Washington once again targets prescription drug middlemen
Pharmacy benefit managers are back in the hot seat, facing pressure from both Congress and the Federal Trade Commission — as well as the now customary wrath of drugmakers, pharmacies, hospitals and patient groups.
Why it matters: The finger-pointing up and down the drug supply chain is inevitably an attempt to pass off blame for rising drug costs, but it also highlights complex policy tradeoffs that ultimately determine who pays for drugs, and how.
Driving the news: The FTC recently deadlocked on a motion to study how PBMs influence drug prices and the pharmacy business, but the confirmation of a fifth commissioner since then has created a Democratic majority and increases the chances of a PBM investigation.
- In the meantime, today's the deadline for public responses to an agency request for information on PBM practices, and many health industry and advocacy groups have seized the opportunity to air their grievances.
- One example: PBM's business practices "directly cause patient harm, increase patient costs for older, low-cost generics, delay patient access to new generics and biosimilars, imperil billions in annual savings for taxpayers and the U.S. health care system, and undermine the long-term viability of generic drug competition," wrote the Association for Accessible Medicines, which represents generic drug manufacturers.
- Sens. Maria Cantwell and Chuck Grassley introduced legislation yesterday that would prohibit certain PBM practices, like "spread pricing," and require PBMs to report certain financial information to the FTC every year. The Senate held a hearing on PBMs earlier this month.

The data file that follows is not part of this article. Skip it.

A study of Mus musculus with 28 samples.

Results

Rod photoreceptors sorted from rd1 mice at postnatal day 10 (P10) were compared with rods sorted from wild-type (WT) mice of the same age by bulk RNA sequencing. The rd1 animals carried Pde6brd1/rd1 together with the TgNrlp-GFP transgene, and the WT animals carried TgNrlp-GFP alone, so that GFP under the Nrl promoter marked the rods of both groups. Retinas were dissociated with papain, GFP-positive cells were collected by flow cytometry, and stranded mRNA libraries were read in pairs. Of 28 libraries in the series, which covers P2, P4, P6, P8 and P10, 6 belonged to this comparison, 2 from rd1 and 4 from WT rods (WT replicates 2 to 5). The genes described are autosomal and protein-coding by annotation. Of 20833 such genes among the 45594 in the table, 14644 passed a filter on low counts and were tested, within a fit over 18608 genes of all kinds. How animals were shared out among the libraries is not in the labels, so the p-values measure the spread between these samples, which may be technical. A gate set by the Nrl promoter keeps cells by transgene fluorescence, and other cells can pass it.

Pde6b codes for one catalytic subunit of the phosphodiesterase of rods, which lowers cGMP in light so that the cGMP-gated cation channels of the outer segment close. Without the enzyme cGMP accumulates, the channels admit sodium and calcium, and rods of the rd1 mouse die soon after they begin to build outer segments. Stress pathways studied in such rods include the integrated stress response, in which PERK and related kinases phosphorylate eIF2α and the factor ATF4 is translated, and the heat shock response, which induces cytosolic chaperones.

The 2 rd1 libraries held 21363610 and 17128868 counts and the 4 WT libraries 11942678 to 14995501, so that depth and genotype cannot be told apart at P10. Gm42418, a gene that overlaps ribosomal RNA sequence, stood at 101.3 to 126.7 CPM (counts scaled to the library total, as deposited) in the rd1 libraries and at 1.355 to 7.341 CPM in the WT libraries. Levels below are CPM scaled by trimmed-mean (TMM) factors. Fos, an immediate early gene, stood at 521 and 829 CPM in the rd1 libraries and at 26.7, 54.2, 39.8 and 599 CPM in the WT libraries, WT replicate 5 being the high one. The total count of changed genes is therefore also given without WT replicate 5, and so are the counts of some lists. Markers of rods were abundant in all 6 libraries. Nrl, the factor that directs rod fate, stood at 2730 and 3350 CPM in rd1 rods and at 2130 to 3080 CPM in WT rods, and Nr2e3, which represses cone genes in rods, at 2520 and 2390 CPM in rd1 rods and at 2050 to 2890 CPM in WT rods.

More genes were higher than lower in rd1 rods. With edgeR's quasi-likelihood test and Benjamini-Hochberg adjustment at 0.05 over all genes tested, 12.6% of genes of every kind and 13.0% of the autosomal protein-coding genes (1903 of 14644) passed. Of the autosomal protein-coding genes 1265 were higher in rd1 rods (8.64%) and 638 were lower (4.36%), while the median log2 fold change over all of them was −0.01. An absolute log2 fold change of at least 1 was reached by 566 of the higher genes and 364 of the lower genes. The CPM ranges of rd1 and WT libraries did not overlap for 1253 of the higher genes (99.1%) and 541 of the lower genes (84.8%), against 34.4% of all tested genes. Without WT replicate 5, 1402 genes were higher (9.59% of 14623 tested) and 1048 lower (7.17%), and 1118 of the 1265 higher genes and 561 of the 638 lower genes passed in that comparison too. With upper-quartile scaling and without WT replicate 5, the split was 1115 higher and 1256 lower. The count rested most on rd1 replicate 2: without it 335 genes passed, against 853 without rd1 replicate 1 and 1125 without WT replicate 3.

How it works: PBMs work as middlemen between drug manufacturers and insurers, negotiating rebates with drugmakers and securing the details of their plan coverage.
- Drugmakers often blame list price increases on PBMs, saying they must continue raising prices in order to keep pace with growing rebates. Pharma critics say the drug industry uses PBMs to deflect attention away from its own pricing practices.
- "PBMs have been the bogeyman for awhile. Some of it's deserved, some of it's not," said Craig Garthwaite, a professor at Northwestern's Kellogg School of Management.
Reality check: Rebates have been getting bigger each year in the Medicare Part D program, according to a recent MedPAC analysis.
- But that doesn't necessarily mean PBMs are keeping the money they extract from manufacturers. A recent federal watchdog report found that PBMs kept less than 1% of rebates in 2016, passing along the rest to health plan sponsors. A Pew Charitable Trusts report found that within the commercial insurance market, PBMs passed nearly 91% of manufacturer rebates to plans in 2016.
- Nor does it mean that net prices are holding steady. The same MedPAC analysis found that even when taking rebates into account, the price of brand-name Part D drugs more than doubled between 2010 and 2020.
The big picture: Larger rebates ultimately allow insurers to reduce or control premiums, despite rising list prices. But patients often pay their shares based on list prices, meaning that as those rise, so do out-of-pocket expenses.
- That creates a dilemma for health plans and, more broadly, for policymakers: Should healthy people pay higher premiums, or should sick people pay higher out-of-pocket costs?
What they're saying: PBMs say that they're just doing what plans want.
- "Our companies consistently provide options to plan sponsors to use the savings they negotiate to apply at the point of sale to defray out-of-pocket costs," said J.C. Scott, CEO of the Pharmaceutical Care Management Association, which represents PBMs. "Time and again, what is preferred is to apply those savings to premiums."
The bottom line: If the FTC investigates, it could add what many experts say is much-needed transparency into the industry.
- But some — including Scott — say that an FTC investigation should focus on the entire drug supply chain and not just on the middlemen.
- "If we're going to get at the root cause of addressing those drugs that are high cost and creating affordability challenges to individuals, we can't just look at one sliver of the supply and payment chain," Scott said.
- “There's a little bit of a fiction as the money sloshes around, so you want to figure out where the profit pools appear," Garthwaite said.